Thursday, February 4, 2010

The Opposite of Wonder and Delight

Three short months later at my regular check-up with the dermatologist, he biopsied a mole that I had not even seen because it was out of sight, right below my neck at the top of my back. The test indicated that further work was needed, so I set up yet another trip to the Procedure Room. After having the positive experience with the healing of my leg, what could ever keep me from embracing the same strategy following this new procedure? The sad answer is that I was too busy to even think about the quality of healing. This procedure was done in May, which was the busiest time of the year for me. I was busy planning a little reading party, busy making homemade awards for each student, busy doing report cards, busy packing up the countless books and supplies in preparation for summer much busyness, so little healing.

I vividly remember the sound of my doctor's voice as he removed all the stitches, only to watch the wound completely open up again. Here was my confident doctor standing in disbelief while trying to find the words to explain to me what had just happened. "Oh my," was repeated two or three times, followed by a heavy sigh. Since I could not see what he was looking at, I was more that a bit worried by this unusual tone. He proceeded to calmly explain that since the entire wound had opened, it would have to slowly heal from within. I wasn't exactly sure what that meant or how long it would take. I felt numb as I listened to all the instructions he laid out for us to follow over the next several weeks. It was at that point that my head became a bobble head, randomly nodding up and down as his explanation became more and more involved. Now it was my turn to say, "Oh my!"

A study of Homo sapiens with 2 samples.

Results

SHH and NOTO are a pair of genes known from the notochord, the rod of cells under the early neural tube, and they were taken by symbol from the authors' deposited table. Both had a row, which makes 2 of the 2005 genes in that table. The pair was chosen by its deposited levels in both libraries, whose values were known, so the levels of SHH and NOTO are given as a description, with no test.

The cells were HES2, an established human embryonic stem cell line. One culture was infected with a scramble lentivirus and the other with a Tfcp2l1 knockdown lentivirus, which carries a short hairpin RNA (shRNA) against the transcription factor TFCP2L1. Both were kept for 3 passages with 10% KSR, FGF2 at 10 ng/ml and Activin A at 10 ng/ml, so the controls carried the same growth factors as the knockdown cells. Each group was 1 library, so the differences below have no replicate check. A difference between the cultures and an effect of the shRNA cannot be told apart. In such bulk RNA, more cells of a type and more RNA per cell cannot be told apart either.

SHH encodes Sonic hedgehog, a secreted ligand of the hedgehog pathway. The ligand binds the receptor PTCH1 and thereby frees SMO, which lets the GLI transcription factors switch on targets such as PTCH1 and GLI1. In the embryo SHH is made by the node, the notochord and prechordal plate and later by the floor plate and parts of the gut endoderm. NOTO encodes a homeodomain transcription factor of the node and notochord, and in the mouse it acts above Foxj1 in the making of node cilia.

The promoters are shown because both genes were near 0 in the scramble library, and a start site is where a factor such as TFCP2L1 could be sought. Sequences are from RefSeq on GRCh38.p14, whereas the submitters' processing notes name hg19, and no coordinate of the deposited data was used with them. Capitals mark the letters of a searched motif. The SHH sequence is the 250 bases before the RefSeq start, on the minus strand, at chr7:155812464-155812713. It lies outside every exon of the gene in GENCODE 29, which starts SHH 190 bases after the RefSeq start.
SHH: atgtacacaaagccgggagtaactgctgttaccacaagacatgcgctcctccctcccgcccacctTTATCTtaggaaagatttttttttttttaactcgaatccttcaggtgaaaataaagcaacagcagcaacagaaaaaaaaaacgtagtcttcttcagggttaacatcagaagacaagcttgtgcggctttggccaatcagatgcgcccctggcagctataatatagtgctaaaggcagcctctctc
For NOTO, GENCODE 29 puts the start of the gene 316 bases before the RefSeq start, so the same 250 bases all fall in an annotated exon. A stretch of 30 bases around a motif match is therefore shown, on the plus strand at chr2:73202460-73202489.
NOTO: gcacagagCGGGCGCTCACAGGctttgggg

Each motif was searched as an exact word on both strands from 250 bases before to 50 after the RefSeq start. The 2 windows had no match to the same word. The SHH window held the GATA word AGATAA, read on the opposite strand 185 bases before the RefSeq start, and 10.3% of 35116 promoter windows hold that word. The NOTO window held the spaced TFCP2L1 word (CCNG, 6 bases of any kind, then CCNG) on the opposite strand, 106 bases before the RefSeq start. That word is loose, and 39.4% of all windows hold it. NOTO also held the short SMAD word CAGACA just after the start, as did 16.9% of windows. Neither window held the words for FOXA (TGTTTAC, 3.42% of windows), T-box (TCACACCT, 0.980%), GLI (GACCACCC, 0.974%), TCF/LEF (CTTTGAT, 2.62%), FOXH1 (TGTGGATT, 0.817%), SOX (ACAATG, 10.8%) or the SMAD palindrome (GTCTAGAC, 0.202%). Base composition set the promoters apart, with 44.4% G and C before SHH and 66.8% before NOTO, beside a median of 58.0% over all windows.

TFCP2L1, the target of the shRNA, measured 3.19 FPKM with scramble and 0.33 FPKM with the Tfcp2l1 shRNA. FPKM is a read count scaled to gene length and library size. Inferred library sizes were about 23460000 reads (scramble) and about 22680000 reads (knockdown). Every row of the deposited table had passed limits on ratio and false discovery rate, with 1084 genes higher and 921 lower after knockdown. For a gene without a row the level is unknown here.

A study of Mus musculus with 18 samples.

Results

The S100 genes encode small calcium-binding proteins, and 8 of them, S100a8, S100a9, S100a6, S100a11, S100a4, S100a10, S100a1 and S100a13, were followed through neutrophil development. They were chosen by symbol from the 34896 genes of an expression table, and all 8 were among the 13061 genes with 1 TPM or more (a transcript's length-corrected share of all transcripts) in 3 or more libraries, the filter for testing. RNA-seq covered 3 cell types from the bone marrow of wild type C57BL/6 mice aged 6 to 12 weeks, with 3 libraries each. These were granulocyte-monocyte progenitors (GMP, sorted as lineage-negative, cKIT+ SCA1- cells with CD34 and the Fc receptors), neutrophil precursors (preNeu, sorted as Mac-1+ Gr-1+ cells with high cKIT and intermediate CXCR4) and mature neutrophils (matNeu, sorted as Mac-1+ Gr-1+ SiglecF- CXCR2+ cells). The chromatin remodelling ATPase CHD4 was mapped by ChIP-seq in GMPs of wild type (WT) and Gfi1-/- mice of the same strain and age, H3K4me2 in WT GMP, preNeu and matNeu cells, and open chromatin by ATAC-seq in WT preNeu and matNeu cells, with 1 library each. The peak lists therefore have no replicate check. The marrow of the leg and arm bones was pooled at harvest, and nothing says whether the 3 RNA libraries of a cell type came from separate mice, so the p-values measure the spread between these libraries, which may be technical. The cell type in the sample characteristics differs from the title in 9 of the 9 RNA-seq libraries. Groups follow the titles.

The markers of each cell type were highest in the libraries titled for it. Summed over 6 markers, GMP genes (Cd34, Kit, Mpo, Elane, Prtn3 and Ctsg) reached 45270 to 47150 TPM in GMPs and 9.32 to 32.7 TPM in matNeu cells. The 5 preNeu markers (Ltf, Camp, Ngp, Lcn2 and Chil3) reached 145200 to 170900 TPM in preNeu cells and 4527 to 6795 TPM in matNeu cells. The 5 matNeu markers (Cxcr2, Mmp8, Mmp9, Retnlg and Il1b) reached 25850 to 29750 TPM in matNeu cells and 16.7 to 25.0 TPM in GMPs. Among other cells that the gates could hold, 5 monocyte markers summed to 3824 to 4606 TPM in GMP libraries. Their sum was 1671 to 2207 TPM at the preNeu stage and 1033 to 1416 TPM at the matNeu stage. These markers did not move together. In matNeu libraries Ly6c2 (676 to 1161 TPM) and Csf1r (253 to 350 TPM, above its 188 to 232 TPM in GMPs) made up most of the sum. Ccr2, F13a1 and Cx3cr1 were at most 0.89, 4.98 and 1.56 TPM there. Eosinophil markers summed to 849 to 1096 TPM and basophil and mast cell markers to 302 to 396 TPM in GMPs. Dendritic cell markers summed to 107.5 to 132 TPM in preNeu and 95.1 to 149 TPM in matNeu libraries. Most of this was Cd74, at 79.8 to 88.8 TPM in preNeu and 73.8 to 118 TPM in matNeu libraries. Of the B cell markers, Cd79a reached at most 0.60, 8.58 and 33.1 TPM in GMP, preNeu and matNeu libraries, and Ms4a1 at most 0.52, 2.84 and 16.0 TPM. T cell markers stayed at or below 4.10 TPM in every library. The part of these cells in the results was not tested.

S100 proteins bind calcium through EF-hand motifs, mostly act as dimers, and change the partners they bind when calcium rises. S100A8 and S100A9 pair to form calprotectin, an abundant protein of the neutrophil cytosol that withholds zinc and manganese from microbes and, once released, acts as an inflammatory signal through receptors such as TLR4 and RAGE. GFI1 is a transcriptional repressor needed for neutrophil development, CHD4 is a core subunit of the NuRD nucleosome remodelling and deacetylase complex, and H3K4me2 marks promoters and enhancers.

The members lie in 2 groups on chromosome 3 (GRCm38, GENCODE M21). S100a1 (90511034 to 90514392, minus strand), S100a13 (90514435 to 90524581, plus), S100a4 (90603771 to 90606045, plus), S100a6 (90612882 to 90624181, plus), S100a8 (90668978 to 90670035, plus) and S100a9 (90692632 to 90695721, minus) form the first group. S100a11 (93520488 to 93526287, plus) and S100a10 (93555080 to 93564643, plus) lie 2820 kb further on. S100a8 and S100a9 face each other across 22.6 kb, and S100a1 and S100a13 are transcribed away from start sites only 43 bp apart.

As I left the clinic, my arms were filled with all the supplies needed to help the wound begin to gradually close. It's difficult to explain what was going through my head on the short trip home. I felt a mixture of guilt, shame, fear and uncertainty...guilt for being so self-absorbed in school related matters that I had no energy or thought left to give to my healing; shame for treating my body in such an unlovin way, fear about the possibility of it not healing properly; uncertainty as to why this would be happening to me. By the time I had arrived home, I was physically and emotionally drained.

Jessica was home from college for summer break, so I carefully explained to her and Jim all the details of how they would need to help with the special technique for cleaning the area and changing the bandages. After telling them that I had not seen it, they were both curious to see what I was talking about. I will never forget the silence that hung in the air as they cautiously inspected the wound. I knew it was serious when Jessica looked like she had just seen a scary reptile, and the only thing she said was, "Mom, are you sure the doctor said it was safe for you to come home?"